Speeches Shim

Wednesday, September 9, 2020
A graphic illustration of Murat and Bibigul and their children
Ramilya Sazazova for USAID

A Migrant Family Safely Returns to Uzbekistan During the Pandemic

When Murat and Bibigul (names changed to protect their identities) took their four children from Nukus in Karakalpakstan, Uzbekistan and headed to Kazakhstan in search of employment, their future looked promising. Although, life as labor migrants turned out to be more difficult than they had imagined.

After weeks of searching, Murat eventually found a job in a local café. Bibigul stayed home and took care of the children. Everything was falling into place until the COVID-19 pandemic.

“We had finally settled-in, rented an apartment, and started feeling comfortable, when the coronavirus pandemic broke out and upended everything,” recalls Murat.

Strict lockdown restrictions imposed by the Government of Kazakhstan to contain the spread of infection hit the restaurant business hard. Soon, the café’s owner had to close, and temporary workers like Murat found themselves jobless. Subsequent attempts to find a new job failed one after the other.

“I felt desperate, not for myself, but for my family – I tried hard not to let them down. Every morning my wife and children would wish me good luck with finding a new job, and every day I would return home unfortunate and upset,” says Murat.

Before long, the family’s modest savings vanished, and they were unable to pay the rent. An acquaintance sheltered them for a few days, and later they moved to another location. During their move, they lost part of their belongings including their identity documents - passports and the children’s birth certificates. Finally, they found themselves on the streets with nowhere to go and nobody to help them. Their youngest was only two years old. With border closures due to the pandemic, they were also unable to return to their home in Uzbekistan.

For almost a month, they squatted in an open field next to a garbage dump. To sustain the family, Murat and Bibigul sifted through the garbage for usable items, which Murat sold or traded for food. “These were the bleakest days in our lives, I felt that I failed my family and feared that we would never be able to return home,” Murat recalls.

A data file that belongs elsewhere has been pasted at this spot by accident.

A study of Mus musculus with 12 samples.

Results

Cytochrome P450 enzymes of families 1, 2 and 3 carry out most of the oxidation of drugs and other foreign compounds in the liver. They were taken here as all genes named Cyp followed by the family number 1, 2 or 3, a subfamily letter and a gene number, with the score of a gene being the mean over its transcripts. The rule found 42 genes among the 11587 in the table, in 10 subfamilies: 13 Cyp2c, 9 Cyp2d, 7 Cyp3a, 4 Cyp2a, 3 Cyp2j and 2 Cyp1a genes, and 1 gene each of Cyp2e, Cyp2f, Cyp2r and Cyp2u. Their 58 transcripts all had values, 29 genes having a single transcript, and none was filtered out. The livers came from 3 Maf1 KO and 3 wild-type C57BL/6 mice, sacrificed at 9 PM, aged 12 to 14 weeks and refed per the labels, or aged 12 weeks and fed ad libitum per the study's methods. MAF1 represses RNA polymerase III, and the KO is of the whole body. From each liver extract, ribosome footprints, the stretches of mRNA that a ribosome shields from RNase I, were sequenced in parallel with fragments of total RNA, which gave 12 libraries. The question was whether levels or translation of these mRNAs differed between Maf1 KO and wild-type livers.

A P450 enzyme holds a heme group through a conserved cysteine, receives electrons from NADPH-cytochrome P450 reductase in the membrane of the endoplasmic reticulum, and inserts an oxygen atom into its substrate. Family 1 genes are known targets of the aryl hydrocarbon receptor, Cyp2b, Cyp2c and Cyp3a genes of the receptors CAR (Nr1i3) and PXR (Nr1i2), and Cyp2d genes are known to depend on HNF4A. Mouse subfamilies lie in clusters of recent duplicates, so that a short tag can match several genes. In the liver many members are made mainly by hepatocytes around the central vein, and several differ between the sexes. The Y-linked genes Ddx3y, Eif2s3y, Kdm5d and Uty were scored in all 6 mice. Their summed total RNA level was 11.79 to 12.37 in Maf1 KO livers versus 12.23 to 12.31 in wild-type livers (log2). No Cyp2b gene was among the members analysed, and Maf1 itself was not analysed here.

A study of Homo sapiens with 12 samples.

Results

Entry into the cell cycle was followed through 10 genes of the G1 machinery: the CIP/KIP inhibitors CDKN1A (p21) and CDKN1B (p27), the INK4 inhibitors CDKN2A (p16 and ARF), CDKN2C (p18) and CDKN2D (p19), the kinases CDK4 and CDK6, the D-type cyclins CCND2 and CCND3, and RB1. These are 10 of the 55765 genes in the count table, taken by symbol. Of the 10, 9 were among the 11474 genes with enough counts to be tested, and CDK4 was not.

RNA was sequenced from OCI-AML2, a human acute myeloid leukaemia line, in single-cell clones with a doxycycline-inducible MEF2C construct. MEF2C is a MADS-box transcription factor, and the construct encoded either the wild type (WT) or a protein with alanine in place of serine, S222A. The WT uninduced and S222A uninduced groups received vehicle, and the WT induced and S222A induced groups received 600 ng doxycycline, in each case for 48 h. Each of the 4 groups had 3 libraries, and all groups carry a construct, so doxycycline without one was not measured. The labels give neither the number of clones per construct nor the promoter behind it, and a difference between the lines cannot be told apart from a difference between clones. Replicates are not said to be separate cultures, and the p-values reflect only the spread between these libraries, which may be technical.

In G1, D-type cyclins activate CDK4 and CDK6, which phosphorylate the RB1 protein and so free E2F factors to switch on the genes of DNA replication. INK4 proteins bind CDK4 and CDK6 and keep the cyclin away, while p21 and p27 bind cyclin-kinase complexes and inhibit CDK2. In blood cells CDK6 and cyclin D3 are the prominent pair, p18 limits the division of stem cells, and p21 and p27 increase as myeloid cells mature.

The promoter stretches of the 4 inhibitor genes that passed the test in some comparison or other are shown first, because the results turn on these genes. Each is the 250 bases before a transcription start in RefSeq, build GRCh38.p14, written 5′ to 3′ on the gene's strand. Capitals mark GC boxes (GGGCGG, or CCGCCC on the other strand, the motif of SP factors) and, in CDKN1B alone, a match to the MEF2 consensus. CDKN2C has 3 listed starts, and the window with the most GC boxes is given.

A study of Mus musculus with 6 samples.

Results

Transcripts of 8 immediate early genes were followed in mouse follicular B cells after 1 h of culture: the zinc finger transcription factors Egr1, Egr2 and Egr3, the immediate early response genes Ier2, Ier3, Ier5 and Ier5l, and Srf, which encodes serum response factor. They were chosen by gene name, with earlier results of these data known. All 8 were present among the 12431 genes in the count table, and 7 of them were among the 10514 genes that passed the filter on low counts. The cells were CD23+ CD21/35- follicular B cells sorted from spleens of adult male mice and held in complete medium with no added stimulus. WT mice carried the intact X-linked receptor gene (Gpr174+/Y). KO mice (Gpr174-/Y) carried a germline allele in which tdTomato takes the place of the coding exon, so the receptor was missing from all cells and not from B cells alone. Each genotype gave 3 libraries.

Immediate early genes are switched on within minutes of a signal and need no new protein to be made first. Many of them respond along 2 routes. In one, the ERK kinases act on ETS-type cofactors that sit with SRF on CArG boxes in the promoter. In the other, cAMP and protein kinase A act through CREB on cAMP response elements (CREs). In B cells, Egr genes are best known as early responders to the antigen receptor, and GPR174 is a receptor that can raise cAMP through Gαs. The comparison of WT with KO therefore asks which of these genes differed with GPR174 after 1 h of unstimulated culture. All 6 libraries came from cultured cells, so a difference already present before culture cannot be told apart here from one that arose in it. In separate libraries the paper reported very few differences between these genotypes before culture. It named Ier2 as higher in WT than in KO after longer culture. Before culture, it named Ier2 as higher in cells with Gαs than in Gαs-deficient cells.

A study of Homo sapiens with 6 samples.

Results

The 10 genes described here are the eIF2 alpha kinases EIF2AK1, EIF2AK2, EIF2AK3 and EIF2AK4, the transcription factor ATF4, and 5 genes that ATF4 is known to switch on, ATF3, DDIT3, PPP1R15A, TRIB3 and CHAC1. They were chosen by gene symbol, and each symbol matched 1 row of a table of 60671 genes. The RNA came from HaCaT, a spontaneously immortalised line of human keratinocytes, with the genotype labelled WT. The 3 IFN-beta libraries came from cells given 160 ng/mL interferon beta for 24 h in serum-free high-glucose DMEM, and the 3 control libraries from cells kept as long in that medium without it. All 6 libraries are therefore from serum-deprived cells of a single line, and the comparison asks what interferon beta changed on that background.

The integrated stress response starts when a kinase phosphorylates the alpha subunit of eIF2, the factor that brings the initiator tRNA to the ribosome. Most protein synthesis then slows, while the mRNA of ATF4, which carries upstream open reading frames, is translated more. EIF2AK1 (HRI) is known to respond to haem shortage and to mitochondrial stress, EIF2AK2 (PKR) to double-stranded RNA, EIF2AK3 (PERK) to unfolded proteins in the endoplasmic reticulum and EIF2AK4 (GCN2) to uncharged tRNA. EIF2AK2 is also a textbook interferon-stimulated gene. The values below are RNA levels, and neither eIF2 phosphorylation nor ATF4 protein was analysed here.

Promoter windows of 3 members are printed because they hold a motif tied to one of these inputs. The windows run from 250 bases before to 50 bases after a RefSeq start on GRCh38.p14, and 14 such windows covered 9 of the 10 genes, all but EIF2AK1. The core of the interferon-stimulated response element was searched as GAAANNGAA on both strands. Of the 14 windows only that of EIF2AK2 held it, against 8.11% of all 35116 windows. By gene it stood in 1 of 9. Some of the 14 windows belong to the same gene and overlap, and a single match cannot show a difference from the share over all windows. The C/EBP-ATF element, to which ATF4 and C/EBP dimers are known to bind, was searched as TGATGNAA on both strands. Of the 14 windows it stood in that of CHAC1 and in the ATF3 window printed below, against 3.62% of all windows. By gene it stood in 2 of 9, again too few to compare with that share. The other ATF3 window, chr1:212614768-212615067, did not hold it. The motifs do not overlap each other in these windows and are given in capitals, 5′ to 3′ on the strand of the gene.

A Kazakh non-governmental organization (NGO) learned about the family’s situation and informed the Uzbek NGO, Istiqbolli Avlod in Karakalpakstan. As soon as the border between Kazakhstan and Uzbekistan opened again, the two NGOs collaborated to help the family to return to Nukus, where Istiqbolli Avlod offered them shelter. Istiqbolli Avlod’s lawyer assisted the family in obtaining new passports, birth certificates for the children, and other necessary documents. The lawyer also helped them to apply for unemployment benefits, support for low-income families, and other benefits for which they were eligible.

After a while, Murat also found a local job. “I can’t tell you how happy we are that we are home and can live with dignity again. We are very grateful to Istiqbolli Avlod and Bakhtiyar, the lawyer who helped us. Without their support we wouldn’t have been able to resolve all the issues in such a short time,” says Murat.

USAID’s Legal Reform Program provides Istiqbolli Avlod assistance to improve access to justice for the most vulnerable populations through legal awareness raising, free legal assistance, and training of legal professionals.

The coronavirus pandemic has greatly increased the need for free legal support, especially among labor migrants such as Murat and Bibigul, and USAID is proud to join local NGOs, the Ministry of Justice, and other partners in making justice accessible to Uzbekistan’s citizens.